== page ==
Don’t make extra income a tax time headache
The Australian Taxation Office (ATO) is increasing its efforts to identify taxpayers who fail to report all their income this tax time, as it strives to recover an annual tax shortfall of nearly $1.4 billion caused by individuals who leave income out of their return.
“Tax lost from under-reported income is a significant cost to the community. While the amounts might be small individually, together they are adding up to a lot,” Assistant Commissioner Kath Anderson said.
Ms Anderson said the ATO prefills as much information as possible to help taxpayers to get their income right, but warned that those who deliberately leave out income could face consequences.
“We understand that people make mistakes and can forget to include some of their income. But those who leave out income to avoid paying their fair share of tax should be aware that there can be penalties and interest. Penalties can range from 25% up to 75% of the shortfall, in addition to paying the money owed,” she said.
According to Ms Anderson, some Australians don’t realise they need to report all their cash income.
“The most common mistake we see is taxpayers leaving out cash wages. But we are also seeing taxpayers either deliberately or accidentally failing to include income from second jobs, capital gains on cryptocurrency, the sharing economy, the gig economy, and foreign-sourced income,” Ms Anderson said.
The ATO is developing advanced analytical tools to analyse the vast amount of data it receives to identify instances where income has gone unreported.
“We expect to process a record amount of information this year. It will not only make tax returns faster and easier for taxpayers, but will also help us identify people who are failing to declare income. Our compliance models have already auto-adjusted more than 112,000 tax returns in July and August, recouping $53 million,” Ms Anderson said.
According to Ms Anderson, new information relating to foreign income will enable the ATO to shine a light on Australians who are earning income overseas but not paying tax on it.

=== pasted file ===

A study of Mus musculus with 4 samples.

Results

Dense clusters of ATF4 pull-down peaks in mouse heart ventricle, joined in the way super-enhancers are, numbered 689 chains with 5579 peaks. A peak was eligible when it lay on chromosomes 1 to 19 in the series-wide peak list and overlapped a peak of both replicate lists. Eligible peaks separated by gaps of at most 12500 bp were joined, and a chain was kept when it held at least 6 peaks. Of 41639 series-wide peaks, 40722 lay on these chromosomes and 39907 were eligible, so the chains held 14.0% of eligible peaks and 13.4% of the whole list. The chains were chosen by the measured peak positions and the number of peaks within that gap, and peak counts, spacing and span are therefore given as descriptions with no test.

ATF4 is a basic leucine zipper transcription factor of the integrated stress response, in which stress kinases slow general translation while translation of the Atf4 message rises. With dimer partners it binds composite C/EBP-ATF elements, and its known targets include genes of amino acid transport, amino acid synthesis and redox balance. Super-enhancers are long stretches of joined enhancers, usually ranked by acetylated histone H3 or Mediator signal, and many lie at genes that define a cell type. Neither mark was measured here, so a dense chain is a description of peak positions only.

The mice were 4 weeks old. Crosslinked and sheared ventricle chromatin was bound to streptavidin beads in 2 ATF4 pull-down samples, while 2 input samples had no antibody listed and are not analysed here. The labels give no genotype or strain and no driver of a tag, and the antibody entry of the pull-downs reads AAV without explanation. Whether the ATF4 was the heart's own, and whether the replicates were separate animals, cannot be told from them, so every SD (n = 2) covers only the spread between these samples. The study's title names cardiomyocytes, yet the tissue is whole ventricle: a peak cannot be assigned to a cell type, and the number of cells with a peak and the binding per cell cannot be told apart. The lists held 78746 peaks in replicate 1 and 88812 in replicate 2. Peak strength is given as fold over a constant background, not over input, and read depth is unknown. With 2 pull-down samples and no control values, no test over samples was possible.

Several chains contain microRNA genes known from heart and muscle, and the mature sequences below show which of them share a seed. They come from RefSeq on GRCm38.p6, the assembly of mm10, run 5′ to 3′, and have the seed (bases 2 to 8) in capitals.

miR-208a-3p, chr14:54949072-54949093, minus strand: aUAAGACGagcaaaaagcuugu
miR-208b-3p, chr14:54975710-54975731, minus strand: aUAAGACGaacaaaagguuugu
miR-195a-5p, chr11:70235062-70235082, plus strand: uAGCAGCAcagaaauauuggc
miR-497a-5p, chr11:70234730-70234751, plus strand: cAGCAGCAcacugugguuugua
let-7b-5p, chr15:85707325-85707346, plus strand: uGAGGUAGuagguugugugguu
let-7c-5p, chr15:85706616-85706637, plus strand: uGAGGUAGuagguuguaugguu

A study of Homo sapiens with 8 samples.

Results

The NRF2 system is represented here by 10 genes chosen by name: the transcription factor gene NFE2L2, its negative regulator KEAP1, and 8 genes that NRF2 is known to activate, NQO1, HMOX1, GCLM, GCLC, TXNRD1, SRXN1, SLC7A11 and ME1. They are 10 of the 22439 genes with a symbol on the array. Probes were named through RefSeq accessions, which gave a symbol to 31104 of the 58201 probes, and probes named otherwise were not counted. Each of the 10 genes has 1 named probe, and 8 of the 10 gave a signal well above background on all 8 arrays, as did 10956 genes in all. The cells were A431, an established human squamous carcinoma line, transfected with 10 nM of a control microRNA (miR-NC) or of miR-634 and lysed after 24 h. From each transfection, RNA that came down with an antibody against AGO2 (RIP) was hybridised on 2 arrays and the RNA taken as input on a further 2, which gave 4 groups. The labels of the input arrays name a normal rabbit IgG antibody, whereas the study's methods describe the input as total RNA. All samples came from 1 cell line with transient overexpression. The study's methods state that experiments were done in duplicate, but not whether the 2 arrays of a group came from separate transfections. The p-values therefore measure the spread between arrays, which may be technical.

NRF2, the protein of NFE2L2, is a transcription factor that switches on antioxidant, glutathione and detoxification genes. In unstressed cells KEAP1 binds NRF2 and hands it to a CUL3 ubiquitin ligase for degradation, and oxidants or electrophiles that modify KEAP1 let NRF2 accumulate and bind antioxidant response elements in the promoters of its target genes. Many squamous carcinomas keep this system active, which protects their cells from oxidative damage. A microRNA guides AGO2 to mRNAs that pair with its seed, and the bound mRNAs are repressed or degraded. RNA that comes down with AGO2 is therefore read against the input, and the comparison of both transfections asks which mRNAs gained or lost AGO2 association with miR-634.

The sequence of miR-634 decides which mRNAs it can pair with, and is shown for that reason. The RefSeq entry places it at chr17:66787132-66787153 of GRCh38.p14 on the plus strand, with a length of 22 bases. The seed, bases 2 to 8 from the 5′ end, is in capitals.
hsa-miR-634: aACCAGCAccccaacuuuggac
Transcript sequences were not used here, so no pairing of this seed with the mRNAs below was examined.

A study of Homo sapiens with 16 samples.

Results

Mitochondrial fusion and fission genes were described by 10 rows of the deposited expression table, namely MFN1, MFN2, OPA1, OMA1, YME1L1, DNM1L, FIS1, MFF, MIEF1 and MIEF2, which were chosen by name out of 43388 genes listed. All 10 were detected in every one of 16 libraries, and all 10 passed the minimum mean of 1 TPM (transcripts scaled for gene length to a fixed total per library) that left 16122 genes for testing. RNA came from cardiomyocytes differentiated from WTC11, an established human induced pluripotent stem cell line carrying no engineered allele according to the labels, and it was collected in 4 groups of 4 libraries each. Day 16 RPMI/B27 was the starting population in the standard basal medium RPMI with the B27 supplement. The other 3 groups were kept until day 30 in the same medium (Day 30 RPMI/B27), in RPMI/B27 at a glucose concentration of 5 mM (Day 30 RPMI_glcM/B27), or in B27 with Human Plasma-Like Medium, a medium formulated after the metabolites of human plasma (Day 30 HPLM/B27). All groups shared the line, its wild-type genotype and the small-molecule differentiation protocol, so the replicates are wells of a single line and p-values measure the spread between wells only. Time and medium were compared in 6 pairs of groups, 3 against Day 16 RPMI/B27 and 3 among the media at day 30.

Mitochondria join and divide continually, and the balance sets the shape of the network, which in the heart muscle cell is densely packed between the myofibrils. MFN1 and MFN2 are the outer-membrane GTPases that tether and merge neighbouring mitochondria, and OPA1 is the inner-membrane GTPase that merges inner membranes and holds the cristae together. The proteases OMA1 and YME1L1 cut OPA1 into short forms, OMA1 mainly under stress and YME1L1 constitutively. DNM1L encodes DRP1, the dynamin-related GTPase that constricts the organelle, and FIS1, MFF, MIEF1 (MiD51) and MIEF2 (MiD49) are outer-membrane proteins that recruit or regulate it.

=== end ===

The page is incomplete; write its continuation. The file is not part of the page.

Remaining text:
“It’s important that everyone pays their fair share of tax, regardless of whether they earned income in Australia or abroad.”
The ATO has a number of other information sources that allow it to identify omitted foreign income, including data obtained from AUSTRAC (Australian Transaction Reports and Analysis Centre), FATCA (Foreign Account Tax Compliance Act) and other international exchange of information agreements.
“From analysis of AUSTRAC data, we know that individuals most commonly receive foreign funds from countries including the UK, USA, China, Switzerland, Hong Kong, New Zealand and Singapore. We have been at the forefront of developing a single global standard for the collection, reporting and exchange of financial account information on foreign tax residents,” Ms Anderson said.
In addition, from September, the ATO will exchange information with over 100 foreign tax authorities under the Common Reporting Standard (CRS) to identify Australian residents with sources of foreign income. This will supplement data from the tax treaties with more than 40 countries, including all our major trade and investment partners and provide increased information on Australian residents’ foreign income.
“We are concerned that taxpayers may be failing to include foreign income from pensions, employment, investments, business income or capital gains on overseas assets. The collection of this additional data will help us identify people who are deliberately omitting income from their tax return, but will also help those who have several streams of income who find it hard to keep accurate records,” Ms Anderson said.